American Annals of the Deaf


The program at UALR does not use a specific text on service learning, but students are required to read Smith (2002), Guidelines: Practical Tips for Working and Socializing with Deaf-Blind People. They also read a working paper written by a former student at the end of her program of study, titled Making Service Learning Work for You. At the end of the semester the students read Jacobs (2008), Interpreting as Möbius Strip, and write reflectively on the interpersonal and intrapersonal demands they experienced during the service-learning project.

Prior to implementing service learning, the graduating students experienced awkwardness, hesitation, and lack of ability and confidence in employing the skill sets worked on during Interpreting for Persons Who Are Deaf-Blind. Prior to 1999, few of them remained active with the Deaf-Blind community (only observation and interaction with individuals were required prior to incorporating service learning). Since 1999, a greater percentage of students have remained involved in the Deaf-Blind community as SSPs and interpreters, a win for Arkansas’ active community.

Infusing service learning into two existing courses, Interpreting for Persons Who Are Deaf-Blind and Artistic Interpreting in Educational Settings, did not require curriculum reform; rather, course objectives were revised to add the service-learning requirement and objectives. Recently, the program underwent major curricular changes, including the development of two new courses that incorporate service learning, which is in alignment with UALR’s mission as an urban institution to help meet the community’s real needs.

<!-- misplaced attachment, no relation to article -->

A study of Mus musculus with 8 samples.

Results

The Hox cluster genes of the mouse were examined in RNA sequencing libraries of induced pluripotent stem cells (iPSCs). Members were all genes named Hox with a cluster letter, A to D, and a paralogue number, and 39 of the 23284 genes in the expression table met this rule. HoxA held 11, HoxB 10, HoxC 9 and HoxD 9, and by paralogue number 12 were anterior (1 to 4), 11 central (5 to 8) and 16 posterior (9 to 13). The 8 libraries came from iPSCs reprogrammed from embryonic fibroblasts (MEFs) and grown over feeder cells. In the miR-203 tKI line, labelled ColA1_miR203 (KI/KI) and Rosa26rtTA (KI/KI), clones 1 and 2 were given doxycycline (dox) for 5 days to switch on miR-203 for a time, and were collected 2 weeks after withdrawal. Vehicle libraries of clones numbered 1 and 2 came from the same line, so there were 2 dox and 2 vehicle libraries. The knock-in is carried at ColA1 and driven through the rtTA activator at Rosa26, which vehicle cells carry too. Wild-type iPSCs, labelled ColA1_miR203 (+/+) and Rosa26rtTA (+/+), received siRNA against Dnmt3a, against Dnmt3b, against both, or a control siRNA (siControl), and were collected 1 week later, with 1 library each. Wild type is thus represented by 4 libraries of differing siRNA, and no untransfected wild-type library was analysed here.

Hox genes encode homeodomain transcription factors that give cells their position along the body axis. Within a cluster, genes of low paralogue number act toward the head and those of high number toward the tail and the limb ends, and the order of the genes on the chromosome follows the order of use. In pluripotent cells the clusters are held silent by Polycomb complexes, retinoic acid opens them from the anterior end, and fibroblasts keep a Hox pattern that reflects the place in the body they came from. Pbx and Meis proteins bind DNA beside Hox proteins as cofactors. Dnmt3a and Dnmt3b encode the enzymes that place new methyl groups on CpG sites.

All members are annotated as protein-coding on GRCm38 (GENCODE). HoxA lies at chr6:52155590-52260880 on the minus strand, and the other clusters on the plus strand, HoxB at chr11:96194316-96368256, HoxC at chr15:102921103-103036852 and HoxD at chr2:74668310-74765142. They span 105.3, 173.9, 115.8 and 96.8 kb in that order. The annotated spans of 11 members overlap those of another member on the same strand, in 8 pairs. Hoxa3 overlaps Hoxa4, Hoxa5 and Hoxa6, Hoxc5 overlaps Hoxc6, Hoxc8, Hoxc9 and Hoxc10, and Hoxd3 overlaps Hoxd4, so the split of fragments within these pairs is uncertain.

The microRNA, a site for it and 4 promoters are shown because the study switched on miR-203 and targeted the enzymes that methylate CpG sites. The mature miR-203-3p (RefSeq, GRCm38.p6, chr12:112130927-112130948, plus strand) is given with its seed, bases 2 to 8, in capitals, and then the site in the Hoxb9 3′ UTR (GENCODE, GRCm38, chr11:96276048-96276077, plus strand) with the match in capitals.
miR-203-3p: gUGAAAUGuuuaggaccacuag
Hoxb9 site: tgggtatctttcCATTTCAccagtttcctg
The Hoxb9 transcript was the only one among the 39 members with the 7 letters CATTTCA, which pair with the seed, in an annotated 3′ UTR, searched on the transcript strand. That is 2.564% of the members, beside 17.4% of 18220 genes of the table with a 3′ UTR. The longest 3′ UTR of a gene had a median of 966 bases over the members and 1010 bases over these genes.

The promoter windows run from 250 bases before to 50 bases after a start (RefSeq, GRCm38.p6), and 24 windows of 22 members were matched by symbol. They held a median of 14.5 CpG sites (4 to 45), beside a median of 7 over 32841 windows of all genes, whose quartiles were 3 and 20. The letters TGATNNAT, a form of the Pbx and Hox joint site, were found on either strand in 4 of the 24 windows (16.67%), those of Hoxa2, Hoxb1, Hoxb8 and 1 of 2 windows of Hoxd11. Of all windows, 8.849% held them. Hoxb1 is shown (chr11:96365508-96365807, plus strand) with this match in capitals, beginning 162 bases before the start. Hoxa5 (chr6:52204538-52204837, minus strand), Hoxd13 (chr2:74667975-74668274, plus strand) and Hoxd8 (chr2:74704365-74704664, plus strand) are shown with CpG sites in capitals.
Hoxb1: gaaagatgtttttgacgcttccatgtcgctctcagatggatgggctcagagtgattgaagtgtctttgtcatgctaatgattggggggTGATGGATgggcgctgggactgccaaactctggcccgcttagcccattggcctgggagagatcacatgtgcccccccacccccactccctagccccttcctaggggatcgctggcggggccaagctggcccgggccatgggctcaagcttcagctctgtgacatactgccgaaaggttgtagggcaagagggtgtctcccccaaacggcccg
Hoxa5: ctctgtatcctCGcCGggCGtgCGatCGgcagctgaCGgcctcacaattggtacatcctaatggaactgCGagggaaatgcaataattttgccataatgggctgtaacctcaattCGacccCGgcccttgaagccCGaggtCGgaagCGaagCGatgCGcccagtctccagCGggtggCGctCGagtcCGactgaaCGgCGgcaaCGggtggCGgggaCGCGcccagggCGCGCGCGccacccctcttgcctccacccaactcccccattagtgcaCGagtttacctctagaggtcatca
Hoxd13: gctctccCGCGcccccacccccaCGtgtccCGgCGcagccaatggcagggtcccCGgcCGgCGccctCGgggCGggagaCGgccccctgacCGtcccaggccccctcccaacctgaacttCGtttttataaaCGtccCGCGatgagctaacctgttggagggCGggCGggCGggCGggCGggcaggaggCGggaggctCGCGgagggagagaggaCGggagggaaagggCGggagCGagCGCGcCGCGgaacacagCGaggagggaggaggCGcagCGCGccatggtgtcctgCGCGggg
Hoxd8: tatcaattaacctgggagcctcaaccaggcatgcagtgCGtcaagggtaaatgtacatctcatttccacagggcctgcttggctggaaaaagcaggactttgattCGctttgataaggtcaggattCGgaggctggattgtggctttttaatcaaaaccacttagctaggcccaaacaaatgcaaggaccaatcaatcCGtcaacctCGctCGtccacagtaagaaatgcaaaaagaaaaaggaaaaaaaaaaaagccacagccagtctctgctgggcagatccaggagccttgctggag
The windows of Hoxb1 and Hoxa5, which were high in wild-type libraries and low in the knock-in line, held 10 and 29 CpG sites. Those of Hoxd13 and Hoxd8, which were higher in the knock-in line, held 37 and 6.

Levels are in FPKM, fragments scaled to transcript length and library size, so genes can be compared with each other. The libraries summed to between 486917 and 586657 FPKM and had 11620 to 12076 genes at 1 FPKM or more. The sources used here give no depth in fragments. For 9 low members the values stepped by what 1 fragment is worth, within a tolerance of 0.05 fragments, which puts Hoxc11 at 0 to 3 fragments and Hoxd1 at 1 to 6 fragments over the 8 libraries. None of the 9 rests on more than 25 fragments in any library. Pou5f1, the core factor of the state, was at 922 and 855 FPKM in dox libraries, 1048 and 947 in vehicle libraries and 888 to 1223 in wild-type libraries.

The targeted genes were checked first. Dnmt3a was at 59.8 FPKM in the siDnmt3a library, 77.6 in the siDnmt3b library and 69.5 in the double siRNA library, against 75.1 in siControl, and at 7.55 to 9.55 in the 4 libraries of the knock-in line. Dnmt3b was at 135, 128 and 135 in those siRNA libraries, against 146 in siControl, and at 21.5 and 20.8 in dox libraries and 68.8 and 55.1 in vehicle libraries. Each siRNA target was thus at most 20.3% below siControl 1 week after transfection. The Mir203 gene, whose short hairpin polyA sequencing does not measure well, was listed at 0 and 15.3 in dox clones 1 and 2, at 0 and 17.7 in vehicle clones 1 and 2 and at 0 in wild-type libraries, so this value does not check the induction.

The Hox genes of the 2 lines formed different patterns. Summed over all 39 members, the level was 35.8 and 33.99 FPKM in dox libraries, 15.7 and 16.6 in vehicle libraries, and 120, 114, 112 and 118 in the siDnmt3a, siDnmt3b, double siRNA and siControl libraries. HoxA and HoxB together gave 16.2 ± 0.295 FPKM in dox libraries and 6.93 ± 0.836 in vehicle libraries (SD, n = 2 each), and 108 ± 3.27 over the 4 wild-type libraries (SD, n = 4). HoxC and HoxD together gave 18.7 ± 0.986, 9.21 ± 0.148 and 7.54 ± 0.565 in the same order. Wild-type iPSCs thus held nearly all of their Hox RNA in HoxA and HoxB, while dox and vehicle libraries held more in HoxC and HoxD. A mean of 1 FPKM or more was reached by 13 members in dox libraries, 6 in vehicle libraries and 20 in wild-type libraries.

The following revisions were made to Interpreting for Persons Who Are Deaf-Blind:

    1. We added a learning module titled “Service Learning” to the course.
    2. We added more content knowledge to Blackboard so more class time could be devoted to hands-on simulation activities. Typical activities at social gatherings of individuals who are Deaf-Blind, particularly those likely to be encountered during service-learning activities, are included in classroom activities and are followed by reflective discussion.
    3. We built in more reflective writing and discussions before, during, and after service-learning activities (throughout the course).